I want to take off from Fred's post about webification, because I think he touches on some things that go to the deeper issues we face as enterprise communications moves forward. Thinking about the points Fred makes, and the points from the Phil Edholm piece that he jumps off from, the big picture looks to have a lot in common with the past, even as we're seeing a historic shift. Let me get specific.

Phil Edholm's description of webification gets at something important: In a pure WebRTC model, the end user gets her set of communications functionality from someone else's server. It's the much-touted "triangle" of WebRTC: Client to server to client. In WebRTC World, triangles are good. Quadrilaterals, on the other hand, are bad, because they add a fourth point to the transaction--an additional server, generally one "belonging" to the end user (or one to which the end user belongs).

The triangle/quadrilateral distinction is really a description of the difference between public and private networking. In the triangle model, the user goes to a public resource to derive communications. Nowadays it's a website or an app that front-ends a website. In the old telephony days, it was a Class 5 switch on the public switched telephone network (PSTN) in your town's telco Central Office. As a telco customer, you had the features that your local Class 5 switch offered, and no others. That's public networking.

In the telco era, public networking wasn't good enough for enterprises. It didn't ubiquitously offer all the functionality that organizations needed to do their jobs. So enterprises inserted another "server" into the geometry--a PBX--that did provide those required functions. So private telecommunications became a quadrilateral.

So the question today, in the Internet era, is: Does the enterprise still need the fourth point in that figure, the one that makes a public network a private network?

At first blush, the answer seems an obvious yes. Every enterprise is different, every large enterprise has built massive systems around its unique processes, and it seems unlikely that a publicly-offered and -scaled service can match the precise requirements that those processes impose upon an enterprise.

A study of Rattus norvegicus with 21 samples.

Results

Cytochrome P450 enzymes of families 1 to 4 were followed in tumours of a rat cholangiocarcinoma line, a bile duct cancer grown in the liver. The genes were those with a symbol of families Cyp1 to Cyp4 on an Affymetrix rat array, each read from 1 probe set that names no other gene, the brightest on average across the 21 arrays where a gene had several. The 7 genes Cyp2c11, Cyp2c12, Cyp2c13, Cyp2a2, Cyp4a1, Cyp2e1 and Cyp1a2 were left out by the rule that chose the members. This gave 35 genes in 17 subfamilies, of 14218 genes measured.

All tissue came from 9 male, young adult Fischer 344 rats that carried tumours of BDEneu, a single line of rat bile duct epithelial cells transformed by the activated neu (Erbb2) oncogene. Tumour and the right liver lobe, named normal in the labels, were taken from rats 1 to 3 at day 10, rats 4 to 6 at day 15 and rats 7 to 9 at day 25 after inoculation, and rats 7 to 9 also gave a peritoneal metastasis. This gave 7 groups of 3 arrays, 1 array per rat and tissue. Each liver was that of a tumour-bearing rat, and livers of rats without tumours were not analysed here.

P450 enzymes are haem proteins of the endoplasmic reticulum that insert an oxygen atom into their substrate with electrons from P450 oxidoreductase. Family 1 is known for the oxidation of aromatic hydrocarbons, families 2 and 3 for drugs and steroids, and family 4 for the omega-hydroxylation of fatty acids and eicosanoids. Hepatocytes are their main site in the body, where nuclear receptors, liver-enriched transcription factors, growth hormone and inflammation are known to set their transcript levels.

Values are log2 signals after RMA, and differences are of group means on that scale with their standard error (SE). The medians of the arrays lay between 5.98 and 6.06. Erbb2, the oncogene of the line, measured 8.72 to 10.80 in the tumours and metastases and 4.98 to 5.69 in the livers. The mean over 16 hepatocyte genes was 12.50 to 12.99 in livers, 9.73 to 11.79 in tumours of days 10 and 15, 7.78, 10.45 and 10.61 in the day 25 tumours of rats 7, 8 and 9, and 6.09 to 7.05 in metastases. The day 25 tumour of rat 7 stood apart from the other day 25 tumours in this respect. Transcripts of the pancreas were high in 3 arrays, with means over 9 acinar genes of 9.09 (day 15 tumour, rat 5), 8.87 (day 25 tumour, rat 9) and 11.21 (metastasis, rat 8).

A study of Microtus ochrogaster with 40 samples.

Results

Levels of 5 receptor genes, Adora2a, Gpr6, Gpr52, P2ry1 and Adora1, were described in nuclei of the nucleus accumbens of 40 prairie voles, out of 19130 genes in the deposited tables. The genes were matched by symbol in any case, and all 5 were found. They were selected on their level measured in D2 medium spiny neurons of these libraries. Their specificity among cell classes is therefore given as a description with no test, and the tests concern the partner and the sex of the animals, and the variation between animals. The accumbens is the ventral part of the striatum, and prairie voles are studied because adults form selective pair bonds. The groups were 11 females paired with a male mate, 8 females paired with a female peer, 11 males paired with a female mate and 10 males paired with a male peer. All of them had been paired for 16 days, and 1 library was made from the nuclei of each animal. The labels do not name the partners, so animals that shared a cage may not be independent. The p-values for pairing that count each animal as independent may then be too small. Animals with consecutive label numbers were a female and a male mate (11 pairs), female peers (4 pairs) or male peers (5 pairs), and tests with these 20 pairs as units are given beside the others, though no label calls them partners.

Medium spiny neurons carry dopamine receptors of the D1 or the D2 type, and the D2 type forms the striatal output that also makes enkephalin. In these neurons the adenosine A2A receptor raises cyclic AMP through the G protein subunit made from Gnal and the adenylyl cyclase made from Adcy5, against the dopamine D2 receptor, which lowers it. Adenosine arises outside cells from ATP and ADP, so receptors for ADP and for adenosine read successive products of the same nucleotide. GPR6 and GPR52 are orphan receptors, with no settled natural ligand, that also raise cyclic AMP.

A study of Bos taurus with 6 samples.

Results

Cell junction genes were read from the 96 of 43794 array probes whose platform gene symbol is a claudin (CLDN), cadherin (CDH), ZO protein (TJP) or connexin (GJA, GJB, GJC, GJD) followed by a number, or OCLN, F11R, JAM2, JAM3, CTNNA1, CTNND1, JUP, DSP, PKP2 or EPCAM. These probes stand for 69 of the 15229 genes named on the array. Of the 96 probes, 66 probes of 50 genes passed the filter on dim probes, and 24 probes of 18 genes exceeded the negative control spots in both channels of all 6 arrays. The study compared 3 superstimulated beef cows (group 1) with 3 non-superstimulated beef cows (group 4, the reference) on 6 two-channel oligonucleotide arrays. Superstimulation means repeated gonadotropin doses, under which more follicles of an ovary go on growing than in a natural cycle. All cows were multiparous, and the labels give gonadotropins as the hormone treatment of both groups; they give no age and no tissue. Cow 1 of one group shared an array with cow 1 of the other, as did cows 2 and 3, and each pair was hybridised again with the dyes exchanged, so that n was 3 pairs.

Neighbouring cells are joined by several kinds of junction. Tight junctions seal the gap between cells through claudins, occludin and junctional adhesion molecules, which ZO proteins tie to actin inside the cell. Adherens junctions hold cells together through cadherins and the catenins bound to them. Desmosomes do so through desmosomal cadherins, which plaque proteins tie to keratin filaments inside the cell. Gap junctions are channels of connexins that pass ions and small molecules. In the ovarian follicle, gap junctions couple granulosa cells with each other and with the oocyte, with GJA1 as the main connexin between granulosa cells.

What's different now is the Internet, which turned scale from a disadvantage to an advantage and individual demands from something to be harnessed into something to be liberated. Here's what I mean.

It used to be, the larger the scale, the fewer the features--providers had to play to the lowest common denominator. Even when the telcos got into private networking, with Centrex offerings, these services may have been more feature-rich than consumer telephony, but they were still inflexible compared with the PBX market.

In the current era, the whole thing about the Internet is that there are so many choices out there that you stand a fair chance of finding just what you're looking for. Per Phil Edholm's model, you point your WebRTC browser to a website, and that website provides you with a set of communications features. The down side is that you can't get features that the site's providers don't offer. The up side is, if that's a big enough problem for you--if a website tosses up insurmountable communications barriers to its would-be users--there's a wealth of other choices out there. That's what's new here, relative to the old world--Internet-scale ranges of choice.

This "triangle" Web model suggests you don't need enterprise control of this communications, and the spread of consumerization of IT is proving the attraction of such an approach. And indeed, all evidence is that the PBX is a technology paradigm with a very limited future, at best.

That fourth point on the quadrilateral, if it exists at all in the future, is likely to be not a discrete element, but rather a set of services--a control point where policy and security are enforced, QoS levels are set and managed, and application integrations are realized. It's a much more complex set of tasks and technologies, but as Fred suggests at the end of his piece, communications professionals who take the initiative in grappling with this evolution may be seizing the high ground in their enterprises' technology path--and in their own careers.